Presentation #519.01 in the session Formation of Planets and Satellites (iPosters).
With its dominant iron core Mercury is an exception in the solar system. Considering extrasolar planets, however, it is not an isolated case. Therefore in the protoplanetary disk, iron and silicates must be separated in one way or the other. If Mercury’s structure is rooted in its formation, the separation might take place early on before planetesimals and planets form from an iron enriched reservoir. We introduce the idea of a Curie-line within the inner AU, which could provide a preferred spot for planetesimal formation with a potential bias for iron rich planetesimals [in prep].
In a hydrogen atmosphere we heated chondritic material at increasing temperatures up to 1400 K. Mössbauer spectroscopy and magnetometric measurements reveal that above 1200 K iron is reduced to metallic iron which results in a strong increase in magnetization. Since solids drift inwards in the protoplanetary disk, the amount of metallic iron is increased in a spatially well confined region of high temperature. Magnetic fields are estimated to reach up to the mT range in the inner disk, decreasing with distance from the star. If large enough magnetic fields and a significant fraction of metallic iron come together, magnetic dust aggregates might grow into iron rich bodies by magnetic clustering [Kruss & Wurm 2018 and 2020].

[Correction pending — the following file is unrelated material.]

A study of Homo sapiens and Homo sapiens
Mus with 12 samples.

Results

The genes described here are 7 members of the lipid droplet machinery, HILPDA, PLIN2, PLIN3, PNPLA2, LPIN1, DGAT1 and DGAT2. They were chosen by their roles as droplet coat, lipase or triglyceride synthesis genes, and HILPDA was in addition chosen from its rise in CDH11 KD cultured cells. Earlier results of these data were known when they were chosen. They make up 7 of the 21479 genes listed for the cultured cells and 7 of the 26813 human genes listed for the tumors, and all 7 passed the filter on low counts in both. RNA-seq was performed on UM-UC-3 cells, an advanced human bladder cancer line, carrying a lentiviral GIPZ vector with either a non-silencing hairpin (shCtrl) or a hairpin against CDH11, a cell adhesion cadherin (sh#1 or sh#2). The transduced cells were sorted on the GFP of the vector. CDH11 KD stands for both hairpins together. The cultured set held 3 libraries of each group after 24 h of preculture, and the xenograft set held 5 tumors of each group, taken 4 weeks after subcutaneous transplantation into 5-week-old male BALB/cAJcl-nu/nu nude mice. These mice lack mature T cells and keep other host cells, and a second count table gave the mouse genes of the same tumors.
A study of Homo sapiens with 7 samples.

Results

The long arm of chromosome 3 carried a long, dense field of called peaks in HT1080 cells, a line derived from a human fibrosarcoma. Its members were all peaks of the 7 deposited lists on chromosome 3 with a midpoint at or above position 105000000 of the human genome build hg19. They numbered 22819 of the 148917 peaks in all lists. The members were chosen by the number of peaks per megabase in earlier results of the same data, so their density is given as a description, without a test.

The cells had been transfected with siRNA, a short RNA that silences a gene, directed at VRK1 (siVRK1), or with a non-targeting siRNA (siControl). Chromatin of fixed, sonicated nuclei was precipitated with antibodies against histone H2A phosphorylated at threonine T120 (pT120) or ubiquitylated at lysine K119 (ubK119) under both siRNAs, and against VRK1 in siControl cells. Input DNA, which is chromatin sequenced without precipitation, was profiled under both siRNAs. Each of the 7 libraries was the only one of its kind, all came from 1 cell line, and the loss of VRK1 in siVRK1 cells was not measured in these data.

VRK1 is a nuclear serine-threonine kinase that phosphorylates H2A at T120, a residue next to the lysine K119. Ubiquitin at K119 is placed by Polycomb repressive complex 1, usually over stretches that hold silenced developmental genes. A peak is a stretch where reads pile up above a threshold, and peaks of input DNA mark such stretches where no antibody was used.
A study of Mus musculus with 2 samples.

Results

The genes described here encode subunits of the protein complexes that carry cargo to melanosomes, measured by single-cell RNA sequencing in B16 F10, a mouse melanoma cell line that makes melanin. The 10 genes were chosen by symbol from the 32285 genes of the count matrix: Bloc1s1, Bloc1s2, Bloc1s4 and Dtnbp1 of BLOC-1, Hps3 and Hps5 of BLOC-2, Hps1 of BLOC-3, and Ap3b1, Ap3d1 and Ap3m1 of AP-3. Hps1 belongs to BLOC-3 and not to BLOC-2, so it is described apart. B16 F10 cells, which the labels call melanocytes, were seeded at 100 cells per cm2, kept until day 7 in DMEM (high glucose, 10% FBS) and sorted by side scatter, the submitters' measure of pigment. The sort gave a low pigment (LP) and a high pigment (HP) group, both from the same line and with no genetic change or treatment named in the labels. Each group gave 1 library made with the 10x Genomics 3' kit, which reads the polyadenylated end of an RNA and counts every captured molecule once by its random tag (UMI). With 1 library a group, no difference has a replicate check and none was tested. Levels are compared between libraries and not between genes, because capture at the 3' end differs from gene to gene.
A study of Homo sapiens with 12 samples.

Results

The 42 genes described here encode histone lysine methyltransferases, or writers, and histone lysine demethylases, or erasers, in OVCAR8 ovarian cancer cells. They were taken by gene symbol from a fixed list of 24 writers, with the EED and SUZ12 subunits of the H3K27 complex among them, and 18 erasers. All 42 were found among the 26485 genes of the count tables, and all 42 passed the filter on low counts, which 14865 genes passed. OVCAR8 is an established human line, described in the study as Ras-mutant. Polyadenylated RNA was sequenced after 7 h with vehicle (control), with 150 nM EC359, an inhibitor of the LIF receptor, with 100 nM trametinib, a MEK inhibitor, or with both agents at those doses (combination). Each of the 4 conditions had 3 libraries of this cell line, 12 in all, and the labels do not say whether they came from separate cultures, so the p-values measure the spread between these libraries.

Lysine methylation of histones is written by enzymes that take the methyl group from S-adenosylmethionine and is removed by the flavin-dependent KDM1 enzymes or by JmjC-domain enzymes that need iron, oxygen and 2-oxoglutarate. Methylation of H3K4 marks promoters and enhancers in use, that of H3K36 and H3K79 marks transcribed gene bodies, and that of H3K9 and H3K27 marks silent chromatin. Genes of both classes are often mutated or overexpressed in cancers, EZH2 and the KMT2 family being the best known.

The iron’s Curie temperature at 1043 K, however, sharply distinguishes between strong ferromagnetic and weak paramagnetic properties. Therefore, material beyond the Curie temperature cannot react to the disks magnetic field. Material that drifted far enough inwards to form metallic iron and is diffused back outwards through turbulence, however, will start forming larger clusters containing iron rich matter. The aggregates will drift inwards again, passing the Curie-line, creating a zone with increased iron clusters that might readily react to streaming instabilities.
References: Kruss, M., & Wurm, G. (2018). Seeding the formation of Mercurys: an iron-sensitive bouncing barrier in disk magnetic fields. The Astrophysical Journal, 869(1), 45.
Kruss, M., & Wurm, G. (2020). Composition and size dependent sorting in preplanetary growth: seeding the formation of Mercury-like planets. The Planetary Science Journal, 1(1), 23.